The Department of History and Political Science hosted a lecture highlighting the brutal impact Islamic group ISIS has had on Middle Eastern countries and may potentially have on the U.S.
The lecture, held on Nov. 5 in Munson Chapel, was entitled, “U.S. National Security and the expanding threat of ISIS: Are we safe?”
Chair and professor of the Department of History and Political Science Dr. Daniel Palm introduced the key speaker, Dr. Frederick W. Kagan.
Kagan is the Christopher DeMuth chair and director of the Critical Threats Project at the American Enterprise Institute. He has credentials serving in Kabul, Afghanistan as part of a strategic assessment team. Kagan is a former associate professor of military history at West Point and also an active editor of the Weekly Standard with experience writing for publications such as The Washington post, The Wall Street Journal and Los Angeles Times.
During his lecture, Kagan explained the terrors of the violent Islamic group actively spreading to other countries and taking over large portions of Syria and Iraq. This discussion was especially timely in light of worldwide concern after attacks on Friday by ISIS in Paris, Beirut and Baghdad.
With the Islamic group becoming increasingly mobile and news reports of young adults in the U.S. being swayed by ISIS through social media, Kagan asked the question: “Does this group pose a threat to us?”
He immediately answered his question: “Yes. It does. This is Al Qaeda.”
Throughout the seminar, Kagan expanded on the history of ISIS and the direction it is headed, while the U.S. government dismissively believes they are not a threat.
“The end state of that ideology is [America’s] destruction,” Kagan said. “This is a revolutionary group we are dealing with. This is a heresy and insurgency within Islam, and its objective is to seize power—first within the Muslim community and then to mobilize the Muslim community to attack the West and force the West to convert or die, so the entire world will be governed in accordance with their vision of justice. That’s what this is all about.”
He went on to explain that, compared to another group that may plan to attack immediately, ISIS may not be as much of a threat. He emphasized that this does not mean they shouldn’t still be considered a threat.
“ISIS is not a terrorist group,” Kagan said. “It’s an army, and it has a state. It governs cities.”
ISIS, also known as the Islamic State of Iraq and Syria or the Islamic State of Iraq and the Levant (ISIL), renamed itself the “Islamic State” by the end of June 2014. Abu Bakr al-Baghdadi, ISIS’ leader since 2010, has announced that he is now ruling over all Muslims.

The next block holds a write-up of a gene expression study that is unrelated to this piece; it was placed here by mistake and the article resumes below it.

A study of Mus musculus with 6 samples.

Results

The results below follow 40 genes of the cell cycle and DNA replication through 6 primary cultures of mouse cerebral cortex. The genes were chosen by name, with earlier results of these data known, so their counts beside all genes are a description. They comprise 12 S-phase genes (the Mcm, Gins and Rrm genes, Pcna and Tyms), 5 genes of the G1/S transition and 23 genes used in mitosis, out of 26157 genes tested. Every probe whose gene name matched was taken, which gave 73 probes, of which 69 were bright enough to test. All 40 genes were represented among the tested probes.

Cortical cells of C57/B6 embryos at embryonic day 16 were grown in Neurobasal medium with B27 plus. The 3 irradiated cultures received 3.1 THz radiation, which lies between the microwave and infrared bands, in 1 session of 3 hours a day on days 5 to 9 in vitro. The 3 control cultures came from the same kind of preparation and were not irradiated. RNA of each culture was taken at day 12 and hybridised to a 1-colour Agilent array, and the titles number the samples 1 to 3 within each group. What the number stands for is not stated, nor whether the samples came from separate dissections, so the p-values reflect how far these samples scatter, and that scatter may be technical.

Muslims, however, are not welcoming of Abu Bakr al-Baghdadi.
“They are becoming a global organization,” Kagan said. “Are they focused on attacking us at this minute? No, not necessarily. Are they a threat to us?” asked Kagan. “Yes. Are we safe from them? No. Do we need to do something about this? Yes, [but] are we? No.”
Kagan believes that Americans think the U.S. is a “war-weary nation,” and said, “We’re not—and I’m not—making an argument [that] war is the solution to all things.”
“I don’t like war,” Kagan added. “I don’t take this lightly, but the problem is that when people are at war with you, it’s very problematic to say that you’re not at war with them.”
According to Kagan, the “humanitarian consequence” of inaction against ISIS and all the lives affected in the Middle East is leading the U.S. to moral bankruptcy.
“I think we need to consider our moral compass here, and decide why we are comfortable with a policy of inaction that is making no effort to prevent this,” Kagan said.
Palm concluded with a Q&A session where he asked Kagan his own questions, as well as questions from the audience. Kagan answered questions about ISIS’ influence on other nations and gave his opinion on the varying political stances of the issue.
A majority of the students in attendance were political science majors.
“When I heard Dr. Kagan speak about how we should be doing something about [ISIS] and shouldn’t forget about it, it really sparked something inside me, and I thought, ‘We should be thinking about this more and not letting it go to the side, and why should we think that Muslim lives don’t matter?’” sophomore political science major Jackie Nunez said.
Nunez plans to go into campaigning, and said she would fully support a candidate who felt strongly about taking action against ISIS.
“I would help them in whatever way they needed,” Nunez said.
Palm hoped that the lecture gave students a chance to better understand what ISIS is and the threat that it poses to those in the Middle East.
“I think the thing for us to think about as Christians is, ‘Do we have any kind of obligation to help [those] suffering from ISIS…and how can we help protect ourselves, our families and fellow citizens from the dangers of ISIS spreading further?’” Palm said.